Hello, my name is***** am a qualified lawyer and it is my pleasure to assist you with your question today.
How long after checking in did you then check out? Also, did you notify reception that you were leaving?
OK thank you, ***** ***** it with me. I am in court for the rest of today so will prepare my advice in a while and get back to you at the earliest opportunity. There is no need to wait here as you will receive an email when I have responded. Thank you.
Many thanks for your patience. The first thing you need to check is what your booking terms and conditions stated in this regard. For example, was there a cancellation option which allowed you to cancel the hotel within the time you did and not incur any further charges. If there was no cancellation clause or you had passed the deadline to cancel, not fulfilling the booked duration would usually result in you being charged the full amount of the stay, whether you stayed there or not. That is because you have cancelled in violation of the booking terms and conditions. Of course you may have had your reasons for cancelling and that could have been due to a breach of contract on the hotel’s side, but at present that is just your opinion so it is effectively your word against theirs. You may have a valid point and be able to prove that they had not fulfilled their contractual obligations, for example in your case they did not provide you with the facility you had booked and I presume there was no contractual option for them to amend these without your consent. In such circumstances it is likely that you can have your money refunded, but it may not happen immediately and there may be a slight delay whilst the matter is investigated. Do not worry too much about deadlines at this stage, legally you have 6 years to make a claim so you can let them conduct their investigation but if the delays become unreasonable and they have still not refunded you, then you can take the matter further, such as through the small claims court.
This is your basic legal position. I have more detailed advice for you in terms of the steps you need to follow if this matter remains unresolved, which I wish to discuss so please take a second to leave a positive rating for the service so far (by selecting 3, 4 or 5 stars) and I can continue with that and answer any further questions you may have. Don’t worry, there is no extra cost and leaving a rating will not close the question and we can continue this discussion. Thank you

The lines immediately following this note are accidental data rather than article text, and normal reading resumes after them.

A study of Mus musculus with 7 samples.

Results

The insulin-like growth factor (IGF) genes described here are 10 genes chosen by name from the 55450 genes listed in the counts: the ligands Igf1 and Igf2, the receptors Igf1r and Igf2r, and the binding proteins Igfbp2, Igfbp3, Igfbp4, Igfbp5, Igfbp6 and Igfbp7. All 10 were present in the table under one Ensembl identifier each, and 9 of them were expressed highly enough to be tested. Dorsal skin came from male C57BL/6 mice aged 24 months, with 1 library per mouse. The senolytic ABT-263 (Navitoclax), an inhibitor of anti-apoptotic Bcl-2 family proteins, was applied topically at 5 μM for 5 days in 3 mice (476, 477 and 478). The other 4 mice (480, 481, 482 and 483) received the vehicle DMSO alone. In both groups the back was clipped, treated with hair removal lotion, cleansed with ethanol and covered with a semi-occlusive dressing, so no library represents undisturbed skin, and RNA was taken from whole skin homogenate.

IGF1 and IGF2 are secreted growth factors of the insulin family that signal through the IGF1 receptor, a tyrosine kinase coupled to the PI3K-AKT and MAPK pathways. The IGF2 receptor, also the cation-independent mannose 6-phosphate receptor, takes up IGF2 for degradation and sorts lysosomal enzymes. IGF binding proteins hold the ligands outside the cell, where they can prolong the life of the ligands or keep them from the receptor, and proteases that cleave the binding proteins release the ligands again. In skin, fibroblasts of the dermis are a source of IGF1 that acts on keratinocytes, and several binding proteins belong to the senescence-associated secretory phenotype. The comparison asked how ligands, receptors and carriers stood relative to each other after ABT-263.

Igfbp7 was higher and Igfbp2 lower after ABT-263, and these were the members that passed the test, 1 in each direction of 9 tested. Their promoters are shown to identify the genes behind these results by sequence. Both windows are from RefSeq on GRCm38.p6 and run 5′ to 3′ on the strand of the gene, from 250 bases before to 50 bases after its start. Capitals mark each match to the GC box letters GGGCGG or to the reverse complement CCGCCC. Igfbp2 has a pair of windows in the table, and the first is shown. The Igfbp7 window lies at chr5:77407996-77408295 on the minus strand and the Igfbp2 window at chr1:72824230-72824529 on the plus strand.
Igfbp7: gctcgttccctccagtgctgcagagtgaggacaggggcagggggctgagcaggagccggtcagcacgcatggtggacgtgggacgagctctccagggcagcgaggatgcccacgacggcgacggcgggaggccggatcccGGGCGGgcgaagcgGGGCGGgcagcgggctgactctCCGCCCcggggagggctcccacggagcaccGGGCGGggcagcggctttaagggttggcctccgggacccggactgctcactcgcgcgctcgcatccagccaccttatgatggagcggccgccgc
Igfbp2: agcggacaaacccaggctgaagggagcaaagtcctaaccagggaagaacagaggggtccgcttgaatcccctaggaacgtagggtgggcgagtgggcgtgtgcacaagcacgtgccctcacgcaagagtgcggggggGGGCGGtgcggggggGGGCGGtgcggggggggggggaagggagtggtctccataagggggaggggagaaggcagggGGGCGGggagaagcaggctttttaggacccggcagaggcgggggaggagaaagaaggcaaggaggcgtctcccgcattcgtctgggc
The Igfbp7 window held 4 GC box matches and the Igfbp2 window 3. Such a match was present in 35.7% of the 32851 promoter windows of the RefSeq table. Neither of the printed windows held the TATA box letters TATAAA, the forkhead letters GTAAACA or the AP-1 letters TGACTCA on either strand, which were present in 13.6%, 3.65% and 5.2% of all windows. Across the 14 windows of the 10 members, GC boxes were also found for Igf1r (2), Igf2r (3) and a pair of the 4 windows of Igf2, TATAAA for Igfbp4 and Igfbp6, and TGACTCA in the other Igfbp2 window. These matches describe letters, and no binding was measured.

Thank you. Despite the fact that you showed up for one night, your booking was for more than a night so by not staying for the remainder you have effectively been a no show for the full booking period. Under their terms they probably could have charged you if you did not cancel within the specified cancellation period. Your argument however is that you did not just leave because you wanted t but because you had no choice due to the events that unfolded, which were the hotel’s fault, not yours. So you are basically arguing that it was their breach in the first place that forced you to leave the hotel and as such you should not be charged for the remaining nights.
If you have tried to resolve this but have had no luck, then whenever a dispute arises over money owed by one party to another, the debtor can be pursued through the civil courts for recovery of the debt. As legal action should always be seen as a last resort, there are certain actions that should be taken initially to try and resolve this matter informally and without having to involve the courts. It is recommended that the process follows these steps:
1. Reminder letter – if no reminders have been sent yet, one should be sent first to allow the debtor to voluntarily pay what is due.
2. Letter before action – if informal reminders have been sent but these have been ignored, the debtor must be sent a formal letter asking them to repay the debt, or at least make arrangements for its repayment, within a specified period of time. A reasonable period to demand a response by would be 10 days. They should be advised that if they fail to do contact you in order to resolve this matter, formal legal proceedings will be commenced to recover the debt. This letter serves as a ‘final warning’ and gives the other side the opportunity to resolve this matter without the need for legal action.
3. Before you consider starting legal action you may wish to consider sending a formal statutory demand. This is a legal request which asks the debtor to pay the outstanding debt within 21 days and failure to do so will allow you to bankrupt the debtor (if they are an individual ) or wind up the company (if they are a business). For the relevant forms to serve a statutory demand see here: https://www.gov.uk/statutory-demands/forms-to-issue-a-statutory-demand
4. If they fail to pay or at least make contact to try and resolve this, formal legal proceedings can be initiated. A claim can be commenced online by going to www.moneyclaim.gov.uk. Once the claim form is completed it will be sent to the debtor and they will have a limited time to defend it. If they are aware legal proceedings have commenced it could also prompt them to reconsider their position and perhaps force them to contact you to try and resolve this.
Whatever correspondence is sent, it is always advisable to keep copies and use recorded delivery so that there is proof of delivery and a paper trail. The court may need to refer to these if it gets that far.